South Africa has a stable government that makes wildlife protection a high priority. But even in that country, there's been a dramatic surge in poaching, particularly for rhinos.
A decade ago, fewer than 100 rhinos were killed in a year. Last year, it was more than 1,000, says Dan Ashe, director of the U.S. Fish and Wildlife Service.
"When you're talking about something that is more valuable than gold, and it is easily accessible, you're going to create the atmosphere where people are going to take advantage of that," he says.
Wildlife conservation groups from around the world are meeting in London this week to search for more effective ways to slow the trade in rhino horns, elephant tusks and other illegal wildlife products.
Britain's Prince Charles and his son Prince William helped convene this symposium, which has taken on added urgency as rhinos and elephants have been slaughtered at higher rates.
One pound of rhino horn now sells for tens of thousands of dollars, and that kind of money attracts poaching gangs that can afford high-tech weapons, silencers and night-vision equipment.
In many cases, the people who traffic these products are the same people who sell illegal drugs, weapons and even humans. But the consequences for selling wildlife products are far less severe, notes Jonathan Bailey, director of conservation programs at the Zoological Society of London.
"If you compare it to things like human trafficking, drugs [or the] arms trade, the illegal wildlife trade isn't seen as a serious crime, so these syndicates are getting away with doing it at a very low risk," Bailey says.
There are many steps to addressing the problem. One approach involves changing laws, to make wildlife poaching a more serious crime.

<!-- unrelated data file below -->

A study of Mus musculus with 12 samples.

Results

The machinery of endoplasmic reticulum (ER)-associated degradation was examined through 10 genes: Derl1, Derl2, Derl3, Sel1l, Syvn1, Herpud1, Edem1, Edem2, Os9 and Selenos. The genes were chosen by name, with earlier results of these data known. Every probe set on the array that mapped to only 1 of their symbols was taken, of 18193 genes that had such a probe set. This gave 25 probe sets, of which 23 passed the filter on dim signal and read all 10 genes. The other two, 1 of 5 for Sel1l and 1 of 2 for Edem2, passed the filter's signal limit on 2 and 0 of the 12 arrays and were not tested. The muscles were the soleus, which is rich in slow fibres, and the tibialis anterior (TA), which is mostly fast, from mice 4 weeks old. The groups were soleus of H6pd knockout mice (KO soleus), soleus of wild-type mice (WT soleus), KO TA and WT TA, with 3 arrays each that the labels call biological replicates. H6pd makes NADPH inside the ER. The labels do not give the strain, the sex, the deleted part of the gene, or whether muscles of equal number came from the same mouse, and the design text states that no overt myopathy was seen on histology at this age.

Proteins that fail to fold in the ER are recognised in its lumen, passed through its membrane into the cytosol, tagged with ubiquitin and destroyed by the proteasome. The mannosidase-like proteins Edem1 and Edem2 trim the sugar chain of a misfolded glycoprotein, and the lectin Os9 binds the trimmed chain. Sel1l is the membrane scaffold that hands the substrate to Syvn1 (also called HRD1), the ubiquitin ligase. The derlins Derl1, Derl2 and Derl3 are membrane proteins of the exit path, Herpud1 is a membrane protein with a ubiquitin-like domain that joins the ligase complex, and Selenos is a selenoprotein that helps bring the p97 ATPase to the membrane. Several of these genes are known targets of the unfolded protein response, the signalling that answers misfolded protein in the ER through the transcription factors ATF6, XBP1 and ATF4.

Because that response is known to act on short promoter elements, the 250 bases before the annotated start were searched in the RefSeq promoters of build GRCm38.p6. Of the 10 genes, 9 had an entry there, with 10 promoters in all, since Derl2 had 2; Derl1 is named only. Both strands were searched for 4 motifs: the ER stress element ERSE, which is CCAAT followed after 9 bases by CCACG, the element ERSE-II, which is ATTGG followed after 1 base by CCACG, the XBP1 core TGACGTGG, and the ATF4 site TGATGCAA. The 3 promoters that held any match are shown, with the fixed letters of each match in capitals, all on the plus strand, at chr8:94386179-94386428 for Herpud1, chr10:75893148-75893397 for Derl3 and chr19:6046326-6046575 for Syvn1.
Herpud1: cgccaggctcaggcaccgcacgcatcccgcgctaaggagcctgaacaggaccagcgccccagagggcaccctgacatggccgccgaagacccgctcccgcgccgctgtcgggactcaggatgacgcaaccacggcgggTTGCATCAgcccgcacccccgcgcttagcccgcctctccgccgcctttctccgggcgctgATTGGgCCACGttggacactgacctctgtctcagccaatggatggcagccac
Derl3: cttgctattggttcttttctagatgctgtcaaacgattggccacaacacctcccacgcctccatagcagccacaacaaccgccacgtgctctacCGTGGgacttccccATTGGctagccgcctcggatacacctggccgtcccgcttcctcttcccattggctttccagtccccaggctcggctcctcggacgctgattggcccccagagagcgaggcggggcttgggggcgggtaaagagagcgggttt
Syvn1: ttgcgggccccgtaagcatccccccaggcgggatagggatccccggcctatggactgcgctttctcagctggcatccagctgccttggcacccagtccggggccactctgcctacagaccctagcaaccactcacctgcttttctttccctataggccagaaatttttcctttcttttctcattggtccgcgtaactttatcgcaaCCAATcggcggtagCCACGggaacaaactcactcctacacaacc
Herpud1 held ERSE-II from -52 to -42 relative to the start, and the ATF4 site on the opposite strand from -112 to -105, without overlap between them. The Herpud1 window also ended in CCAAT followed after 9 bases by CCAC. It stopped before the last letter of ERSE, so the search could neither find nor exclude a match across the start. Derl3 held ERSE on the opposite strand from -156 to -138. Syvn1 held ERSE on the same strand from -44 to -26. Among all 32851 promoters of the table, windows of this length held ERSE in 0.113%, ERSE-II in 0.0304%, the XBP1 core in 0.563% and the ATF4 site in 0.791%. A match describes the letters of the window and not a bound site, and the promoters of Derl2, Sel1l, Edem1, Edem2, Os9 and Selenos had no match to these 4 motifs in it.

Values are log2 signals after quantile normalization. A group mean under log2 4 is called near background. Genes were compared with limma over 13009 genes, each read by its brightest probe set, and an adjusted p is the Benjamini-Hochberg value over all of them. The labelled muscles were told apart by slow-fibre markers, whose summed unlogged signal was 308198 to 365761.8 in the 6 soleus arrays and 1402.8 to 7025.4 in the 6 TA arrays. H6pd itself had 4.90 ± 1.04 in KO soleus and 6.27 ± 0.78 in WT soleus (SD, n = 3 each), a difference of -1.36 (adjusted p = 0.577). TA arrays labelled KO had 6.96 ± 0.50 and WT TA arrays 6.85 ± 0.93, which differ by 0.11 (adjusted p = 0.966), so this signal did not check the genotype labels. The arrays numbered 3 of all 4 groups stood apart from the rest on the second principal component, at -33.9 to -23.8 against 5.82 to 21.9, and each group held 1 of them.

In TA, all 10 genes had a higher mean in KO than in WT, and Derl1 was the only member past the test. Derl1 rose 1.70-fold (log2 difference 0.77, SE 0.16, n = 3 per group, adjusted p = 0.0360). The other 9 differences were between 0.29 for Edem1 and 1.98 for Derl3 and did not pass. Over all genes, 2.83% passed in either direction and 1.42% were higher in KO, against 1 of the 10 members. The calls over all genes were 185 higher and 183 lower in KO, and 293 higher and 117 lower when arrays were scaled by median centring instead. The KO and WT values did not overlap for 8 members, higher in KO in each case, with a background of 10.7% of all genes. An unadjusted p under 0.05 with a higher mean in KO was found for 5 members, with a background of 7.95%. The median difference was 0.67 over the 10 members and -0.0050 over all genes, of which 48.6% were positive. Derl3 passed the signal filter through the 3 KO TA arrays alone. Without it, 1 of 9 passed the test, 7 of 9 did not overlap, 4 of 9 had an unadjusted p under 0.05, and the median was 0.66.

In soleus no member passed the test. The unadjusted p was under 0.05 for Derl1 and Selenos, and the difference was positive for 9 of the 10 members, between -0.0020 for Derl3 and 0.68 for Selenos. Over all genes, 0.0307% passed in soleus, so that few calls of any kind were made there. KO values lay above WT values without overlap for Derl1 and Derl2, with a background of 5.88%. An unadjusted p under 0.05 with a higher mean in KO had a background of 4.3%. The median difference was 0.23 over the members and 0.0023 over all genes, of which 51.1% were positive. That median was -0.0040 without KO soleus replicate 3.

Another strategy involves giving animals more physical protection on the ground.
A third step is to reduce demand for wildlife products. That trend line is also moving in the wrong direction, says Bailey.
"What we're seeing now is a massive increase in demand. But this isn't really for traditional medicine. This is more [for] the growing middle class or upper class in Asia," says Bailey. "It's being used for things like cancer cures or even mixed with cocaine and snorted. ... All sorts of crazy things that do absolutely nothing for anybody. It's just about status."
The world's leading countries have been slow to respond to this problem, but that's starting to change.
In November, the U.S. pulverized its stockpile of confiscated elephant tusks, dumping tons of ivory into an industrial grinder, where was crushed to splinters. Soon after the U.S. took that step, other countries followed suit.
John Robinson is with the Wildlife Conservation Society.
"The Chinese government recently destroyed six tons of ivory," Robinson says. "That was followed by a destruction of almost the entire ivory stockpile in Hong Kong, which was ... about 25 tons."
Many people are comparing this struggle to the war on drugs, or on human trafficking.
But there's one important difference. The world can fight the illegal drug trade forever. If the illegal wildlife trade continues, the fight will someday be over, because there will be none left.